In this production, the evil wizard Gargamel drives the Smurfs out of their village, causing them to accidently exit their own magical world and enter into ours by way of a vortex. Gargamel is consumed by his desire to extract all of the CGI smurfy essence in order to become the most powerful wizard in the world. Clumsy Smurf leads Gargamel and his cat Azrael into a village, where they encounter a vortex. The vortex propels Papa Smurf (Jonathan Winters), Clumsy (Anton Yelchin), Grouchy (George Lopez), Brainy (Fred Armisen), Gutsy (Alan Cumming), and Smurfette (Katy Perry) into Central Park, and then into the apartment of marketing businessman Patrick (Neil Patrick Harris) and his wife Grace (Jayma Mays).
Patrick is already facing a crucial period in his life. His career is on the fast-track, and he and his wife are preparing to be parents. In fact, it is this element of the film that proves to have some depth, as some of the film’s focus is on Patrick’s preparation for fatherhood. Patrick turns to Papa Smurf as his role model.
That is perhaps one of the few redeeming elements in the film, as it lacks in humor and entertainment value.
Sadly, the adults in the film prove to be the more hilarious of the characters, since the Smurfs often come off as obnoxious, though in some cases, that can be attributed to the voiceovers, most notably, George Lopez. Overall, however, it just seems as if the voice personalities were poorly selected and do not seem to fit the characters’ images.
Some of the more delightful moments in the film focus on a supporting character, Odile, a successful cosmetics executive who seeks to discover a youth-enhancing potion. Played by Sofia Vergara, moviegoers will likely find themselves wishing that she appeared on-screen more often.
The comedy in the film is virtually absent as much of it rests on the trite use of toilet humor. At one point, the Smurfs find themselves in Patrick’s bathroom, and the potty humor takes center stage. When Grouchy Smurf finds himself in a tub full of M&Ms, he mistakes them for Smurf droppings, and then eats them.
The film does manage to entail some rare comedic moments, particularly those that focus on the abuse of Gargamel’s cat, Azrael, but unfortunately most of those moments require parental explanations for why those things are not acceptable in real life (e.g. throwing a cat at the wall).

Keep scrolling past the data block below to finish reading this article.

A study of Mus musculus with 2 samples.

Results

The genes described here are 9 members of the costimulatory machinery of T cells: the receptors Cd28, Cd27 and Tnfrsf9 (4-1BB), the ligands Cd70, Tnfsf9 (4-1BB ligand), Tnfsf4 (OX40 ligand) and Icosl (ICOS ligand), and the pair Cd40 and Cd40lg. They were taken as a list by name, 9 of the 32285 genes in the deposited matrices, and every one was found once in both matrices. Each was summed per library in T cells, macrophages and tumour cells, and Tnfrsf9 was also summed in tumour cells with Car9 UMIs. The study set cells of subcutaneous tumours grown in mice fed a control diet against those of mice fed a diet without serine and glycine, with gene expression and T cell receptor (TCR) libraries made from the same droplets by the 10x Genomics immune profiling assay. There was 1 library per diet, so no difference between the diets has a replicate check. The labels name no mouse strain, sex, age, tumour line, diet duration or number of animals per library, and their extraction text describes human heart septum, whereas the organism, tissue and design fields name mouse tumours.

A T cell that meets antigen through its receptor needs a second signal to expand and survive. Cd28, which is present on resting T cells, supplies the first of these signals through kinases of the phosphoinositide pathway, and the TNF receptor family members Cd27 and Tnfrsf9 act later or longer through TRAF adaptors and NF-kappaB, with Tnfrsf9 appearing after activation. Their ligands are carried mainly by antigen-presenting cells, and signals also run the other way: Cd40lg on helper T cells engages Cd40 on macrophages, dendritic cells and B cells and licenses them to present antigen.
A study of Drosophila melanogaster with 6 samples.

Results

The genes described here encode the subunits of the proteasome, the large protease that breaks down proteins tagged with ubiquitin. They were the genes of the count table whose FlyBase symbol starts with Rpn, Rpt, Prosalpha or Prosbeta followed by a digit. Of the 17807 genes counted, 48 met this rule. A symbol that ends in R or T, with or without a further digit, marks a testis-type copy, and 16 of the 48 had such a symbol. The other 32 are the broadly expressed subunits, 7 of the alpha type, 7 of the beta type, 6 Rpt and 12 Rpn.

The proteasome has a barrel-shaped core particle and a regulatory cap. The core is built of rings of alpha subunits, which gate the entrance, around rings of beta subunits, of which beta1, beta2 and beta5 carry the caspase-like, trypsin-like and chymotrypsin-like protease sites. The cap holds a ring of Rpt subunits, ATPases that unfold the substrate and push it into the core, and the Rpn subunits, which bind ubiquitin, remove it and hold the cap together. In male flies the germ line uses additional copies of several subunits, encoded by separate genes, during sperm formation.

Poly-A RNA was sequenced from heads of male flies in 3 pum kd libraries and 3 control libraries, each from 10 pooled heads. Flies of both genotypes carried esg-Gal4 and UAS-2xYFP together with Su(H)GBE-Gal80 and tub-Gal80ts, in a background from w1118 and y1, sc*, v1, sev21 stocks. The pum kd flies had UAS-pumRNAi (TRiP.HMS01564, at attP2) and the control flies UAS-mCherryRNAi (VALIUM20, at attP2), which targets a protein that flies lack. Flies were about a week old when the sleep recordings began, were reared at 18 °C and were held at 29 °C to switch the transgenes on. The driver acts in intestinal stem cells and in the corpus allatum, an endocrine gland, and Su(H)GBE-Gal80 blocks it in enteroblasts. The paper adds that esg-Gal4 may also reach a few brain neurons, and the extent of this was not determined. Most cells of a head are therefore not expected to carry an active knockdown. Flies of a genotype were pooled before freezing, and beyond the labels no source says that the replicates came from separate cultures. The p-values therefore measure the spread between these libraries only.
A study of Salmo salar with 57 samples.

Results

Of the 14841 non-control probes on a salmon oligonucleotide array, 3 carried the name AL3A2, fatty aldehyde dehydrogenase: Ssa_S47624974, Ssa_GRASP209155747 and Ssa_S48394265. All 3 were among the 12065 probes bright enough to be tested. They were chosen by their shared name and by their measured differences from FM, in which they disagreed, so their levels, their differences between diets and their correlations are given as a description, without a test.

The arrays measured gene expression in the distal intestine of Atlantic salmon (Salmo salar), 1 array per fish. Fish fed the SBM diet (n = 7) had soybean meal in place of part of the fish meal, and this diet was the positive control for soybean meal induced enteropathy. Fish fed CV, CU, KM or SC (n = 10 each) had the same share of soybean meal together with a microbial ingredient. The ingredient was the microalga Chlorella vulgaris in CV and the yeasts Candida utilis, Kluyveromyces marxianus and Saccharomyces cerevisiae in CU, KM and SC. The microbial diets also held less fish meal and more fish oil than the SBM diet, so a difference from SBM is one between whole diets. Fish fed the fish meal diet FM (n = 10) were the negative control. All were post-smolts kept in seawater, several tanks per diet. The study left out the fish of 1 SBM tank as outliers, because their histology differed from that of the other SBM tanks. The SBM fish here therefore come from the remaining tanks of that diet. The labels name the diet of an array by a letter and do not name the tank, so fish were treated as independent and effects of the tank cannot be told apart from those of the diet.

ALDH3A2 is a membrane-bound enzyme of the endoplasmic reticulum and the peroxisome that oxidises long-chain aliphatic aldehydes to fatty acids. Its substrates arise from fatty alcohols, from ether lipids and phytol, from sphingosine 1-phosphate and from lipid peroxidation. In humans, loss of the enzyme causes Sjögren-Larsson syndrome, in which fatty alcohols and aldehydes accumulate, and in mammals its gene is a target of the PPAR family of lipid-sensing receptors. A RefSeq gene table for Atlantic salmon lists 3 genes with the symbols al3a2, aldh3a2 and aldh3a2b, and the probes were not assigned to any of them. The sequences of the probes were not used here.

There is some adult "humor" in the film as well. The “new” Smurf, Gutsy, is a kilt-wearing one who seems to take pleasure in exposing his backside. Also, since Smurfette’s voice is that of Katy Perry, Smufette’s confession to having “kissed a Smurf and liked it” is undoubtedly intended as a reference to Perry's song about a girl enjoying the kiss of another girl.
And there is a risqué moment in the film where Gargamel questions how there is just one “Papa” Smurf and 99 sons.
In the beginning, it was somewhat funny to hear the word “smurf” used as a number of different parts of speech, but after several scenes of the same thing, it becomes a tired attempt at humor. Likewise, it becomes evident that the word “Smurf” is used as a curse. For example, when Neil Patrick Harris exclaims “Smufity, smurf, smurf, smurf!” Gutsy reprimands, “There’s no call for that kind of language, laddie.”
For some viewers, the magical element in The Smurfs may be troublesome, and there is quite a lot of it. Overall, magic is a daily aspect of the Smurfs’ lives. For instance, Papa Smurf conjures up a vision of the future, though it later proves to be not all that reliable. Later, the Smurfs chant incantations and cast spells. In fact, the driving force behind the film’s plot is Gargamel’s quest to capture the Smurfs’ magical essence.
Equally bothersome is that when Gargamel grows infuriated or flustered, he calls upon “the gods.” However, Neil Patrick Harris does make a reference to God and the creation of the Universe in the film.
One positive attribute of the film is that its technology is impressive at times, and some of the scenes are aesthetically pleasing, particularly the opening scene when the Smurfs are shown in their home in Middle Europe, a colorful and cheerful scene.
In the end, however, The Smurfs is best left for the DVD rental, if that.